Much about Andrew's essay is cool and praiseworthy, and more or less what I knew he would be likely to say on the subject. The sentence that got me was, "I have one younger brother through birth, three older ones through fostering, two siblings both younger than me who didn't end up staying with us, and a bunch of other kids who have stayed with us for respite (temporary care.) "
He counts Frankie and Ann.
Neither of them lived with us for more than three months. Both of them were kids that he thinks we should not have taken. He was relieved to see them go.
And he counts them among his siblings.
THAT is the part that made my heart jump, that makes me want to cry, because I did not expect it.
I think of Frankie and Ann as kids were were almost one of mine, almost one of the family, but in the end were not. When people ask me how many kids I have I choose between several several answers. In a few contexts, the only appropriate answer is "two." Often I say, "Somewhere between two and five, I'm not exactly sure." Or, "Four or five, depending upon whether I count my nephew. He has lived with us and he certainly feels like one of ours." A lot of them time though I just say "five -- all boys."
I never say "seven."
What would it mean for me to claim them all, for me to answer "seven" when someone asks me how many kids I have? What would it mean to think of them not as children who were almost mine, but as a son and a daughter that couldn't stay?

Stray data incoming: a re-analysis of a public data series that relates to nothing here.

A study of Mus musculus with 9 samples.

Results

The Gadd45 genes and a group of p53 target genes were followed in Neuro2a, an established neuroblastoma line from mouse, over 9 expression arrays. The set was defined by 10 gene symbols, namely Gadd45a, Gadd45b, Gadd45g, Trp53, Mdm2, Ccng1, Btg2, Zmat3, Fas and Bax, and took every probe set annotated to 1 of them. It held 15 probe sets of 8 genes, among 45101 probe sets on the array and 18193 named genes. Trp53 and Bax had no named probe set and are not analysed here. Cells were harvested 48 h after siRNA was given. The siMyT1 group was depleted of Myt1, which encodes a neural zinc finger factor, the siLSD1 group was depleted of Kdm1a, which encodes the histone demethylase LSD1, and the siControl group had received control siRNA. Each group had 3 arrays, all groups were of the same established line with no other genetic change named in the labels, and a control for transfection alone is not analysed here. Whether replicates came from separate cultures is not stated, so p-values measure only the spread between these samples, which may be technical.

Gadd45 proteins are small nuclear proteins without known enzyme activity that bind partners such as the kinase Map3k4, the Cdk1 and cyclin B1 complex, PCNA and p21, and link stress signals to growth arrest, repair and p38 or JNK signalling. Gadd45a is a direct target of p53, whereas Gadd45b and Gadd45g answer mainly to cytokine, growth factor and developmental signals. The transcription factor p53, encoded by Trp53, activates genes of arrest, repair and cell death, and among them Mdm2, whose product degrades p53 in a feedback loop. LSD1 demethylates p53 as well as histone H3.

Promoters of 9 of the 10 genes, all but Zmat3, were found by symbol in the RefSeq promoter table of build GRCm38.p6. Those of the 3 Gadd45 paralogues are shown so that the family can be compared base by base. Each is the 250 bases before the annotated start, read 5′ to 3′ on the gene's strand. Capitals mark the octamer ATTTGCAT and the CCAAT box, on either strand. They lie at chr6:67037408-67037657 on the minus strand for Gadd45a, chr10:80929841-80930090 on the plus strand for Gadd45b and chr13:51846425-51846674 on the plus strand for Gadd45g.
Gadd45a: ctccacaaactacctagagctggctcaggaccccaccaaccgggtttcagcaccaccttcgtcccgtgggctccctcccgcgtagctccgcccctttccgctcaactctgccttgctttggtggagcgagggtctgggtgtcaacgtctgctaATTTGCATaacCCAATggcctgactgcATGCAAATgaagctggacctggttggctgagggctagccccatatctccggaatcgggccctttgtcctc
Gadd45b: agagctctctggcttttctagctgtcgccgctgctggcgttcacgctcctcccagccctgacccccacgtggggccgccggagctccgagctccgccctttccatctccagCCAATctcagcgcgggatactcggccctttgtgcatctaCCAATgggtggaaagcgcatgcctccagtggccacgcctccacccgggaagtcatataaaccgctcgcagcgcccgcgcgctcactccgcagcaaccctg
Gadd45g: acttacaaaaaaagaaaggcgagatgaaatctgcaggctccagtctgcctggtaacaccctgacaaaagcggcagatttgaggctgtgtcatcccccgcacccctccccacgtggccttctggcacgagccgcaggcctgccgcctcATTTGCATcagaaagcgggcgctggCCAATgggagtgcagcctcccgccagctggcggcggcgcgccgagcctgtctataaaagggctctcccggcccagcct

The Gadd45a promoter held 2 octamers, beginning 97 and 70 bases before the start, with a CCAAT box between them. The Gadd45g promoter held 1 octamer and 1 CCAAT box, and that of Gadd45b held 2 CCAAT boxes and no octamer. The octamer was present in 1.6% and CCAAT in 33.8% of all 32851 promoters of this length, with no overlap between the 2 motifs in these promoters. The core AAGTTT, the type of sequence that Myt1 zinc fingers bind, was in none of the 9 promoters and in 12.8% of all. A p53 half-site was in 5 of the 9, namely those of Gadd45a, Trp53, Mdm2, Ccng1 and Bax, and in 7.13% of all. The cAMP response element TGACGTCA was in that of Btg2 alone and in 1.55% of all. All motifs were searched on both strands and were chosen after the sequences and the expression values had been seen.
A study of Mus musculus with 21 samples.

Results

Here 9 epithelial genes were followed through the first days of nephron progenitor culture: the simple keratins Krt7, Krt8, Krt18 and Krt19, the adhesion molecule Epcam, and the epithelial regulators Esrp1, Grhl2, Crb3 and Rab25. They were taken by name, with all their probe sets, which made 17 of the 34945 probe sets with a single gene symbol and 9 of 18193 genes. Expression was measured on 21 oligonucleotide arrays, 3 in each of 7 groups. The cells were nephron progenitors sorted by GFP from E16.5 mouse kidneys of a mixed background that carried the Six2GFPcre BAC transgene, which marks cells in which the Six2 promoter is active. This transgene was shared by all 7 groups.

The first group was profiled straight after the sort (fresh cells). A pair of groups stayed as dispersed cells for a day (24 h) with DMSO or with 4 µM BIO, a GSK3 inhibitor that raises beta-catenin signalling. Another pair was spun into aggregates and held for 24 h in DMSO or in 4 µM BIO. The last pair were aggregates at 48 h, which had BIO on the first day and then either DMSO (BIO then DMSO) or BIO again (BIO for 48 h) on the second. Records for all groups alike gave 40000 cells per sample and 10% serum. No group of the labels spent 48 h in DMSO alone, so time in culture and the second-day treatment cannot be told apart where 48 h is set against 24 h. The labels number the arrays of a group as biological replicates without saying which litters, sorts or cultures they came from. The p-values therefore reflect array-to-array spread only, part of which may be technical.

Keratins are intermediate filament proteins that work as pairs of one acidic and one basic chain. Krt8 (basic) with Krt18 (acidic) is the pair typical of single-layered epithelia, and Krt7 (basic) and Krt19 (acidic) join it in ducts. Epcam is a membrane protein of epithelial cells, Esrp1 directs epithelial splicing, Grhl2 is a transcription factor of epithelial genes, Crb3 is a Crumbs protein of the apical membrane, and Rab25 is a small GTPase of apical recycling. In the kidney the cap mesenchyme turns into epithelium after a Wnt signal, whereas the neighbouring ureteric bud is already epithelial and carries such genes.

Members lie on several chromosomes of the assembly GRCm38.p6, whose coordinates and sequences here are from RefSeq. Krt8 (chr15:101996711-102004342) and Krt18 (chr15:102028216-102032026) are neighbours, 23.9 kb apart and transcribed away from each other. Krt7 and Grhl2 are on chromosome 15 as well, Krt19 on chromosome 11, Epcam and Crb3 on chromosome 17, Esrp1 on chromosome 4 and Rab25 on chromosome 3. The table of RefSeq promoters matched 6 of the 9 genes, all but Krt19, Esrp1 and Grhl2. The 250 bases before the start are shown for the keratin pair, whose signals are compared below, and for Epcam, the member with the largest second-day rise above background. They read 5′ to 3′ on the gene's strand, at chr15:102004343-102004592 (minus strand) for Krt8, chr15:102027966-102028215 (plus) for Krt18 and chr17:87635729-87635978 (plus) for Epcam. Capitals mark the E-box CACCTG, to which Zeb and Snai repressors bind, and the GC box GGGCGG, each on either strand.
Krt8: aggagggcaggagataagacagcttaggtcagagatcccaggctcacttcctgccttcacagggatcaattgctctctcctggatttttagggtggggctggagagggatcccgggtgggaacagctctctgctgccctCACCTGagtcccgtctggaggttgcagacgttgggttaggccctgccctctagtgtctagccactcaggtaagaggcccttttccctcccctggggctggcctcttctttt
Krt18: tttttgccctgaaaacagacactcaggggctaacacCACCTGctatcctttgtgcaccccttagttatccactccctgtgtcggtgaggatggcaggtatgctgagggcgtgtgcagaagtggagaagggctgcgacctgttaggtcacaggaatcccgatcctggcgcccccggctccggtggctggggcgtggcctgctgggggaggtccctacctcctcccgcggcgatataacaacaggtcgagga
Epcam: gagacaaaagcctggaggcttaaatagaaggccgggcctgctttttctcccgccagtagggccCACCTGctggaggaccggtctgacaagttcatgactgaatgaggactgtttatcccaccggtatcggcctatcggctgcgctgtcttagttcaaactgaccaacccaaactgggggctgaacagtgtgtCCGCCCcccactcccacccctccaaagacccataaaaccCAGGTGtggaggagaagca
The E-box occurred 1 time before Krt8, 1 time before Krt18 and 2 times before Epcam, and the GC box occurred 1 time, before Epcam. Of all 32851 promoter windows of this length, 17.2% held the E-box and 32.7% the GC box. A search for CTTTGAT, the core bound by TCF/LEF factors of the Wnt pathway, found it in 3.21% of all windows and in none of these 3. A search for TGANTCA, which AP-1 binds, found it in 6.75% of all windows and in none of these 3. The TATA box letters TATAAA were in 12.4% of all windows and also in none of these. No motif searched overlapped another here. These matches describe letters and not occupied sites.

Just thinking about that hurts. Could I hold them in my heart that way? "Look, here are photos of my son and daughter that I never see. No, I don't know where they are or how they are doing. The last time I heard anything..." I can barely imagine it. How would I respond when they asked, "Why don't they live with you?" What answer to give? "I wasn't strong enough, skilled enough, brave enough. I wasn't enough." I couldn't say, "They were too much for us." My usual way of putting it, "Their needs were greater than our abilties to meet them" isn't enough. And besides it isn't true with Ann, except that is sort of is, although it isn't.
I do not think I will ever list them as a son and daughter who could not live with me. Living THAT reality is too painful. I'm not that strong. I know it is not the same, quite for Andrew. To have siblings from foster care who couldn't stay just doesn't mean the same thing. He does not bear responsibility for them. Not the same way. It is not the same thing.
But it is something; a big something. Andrew claims them as sister and brother.
It makes me happy, and humble to know that.
I wonder how Frankie and Ann would feel to know it?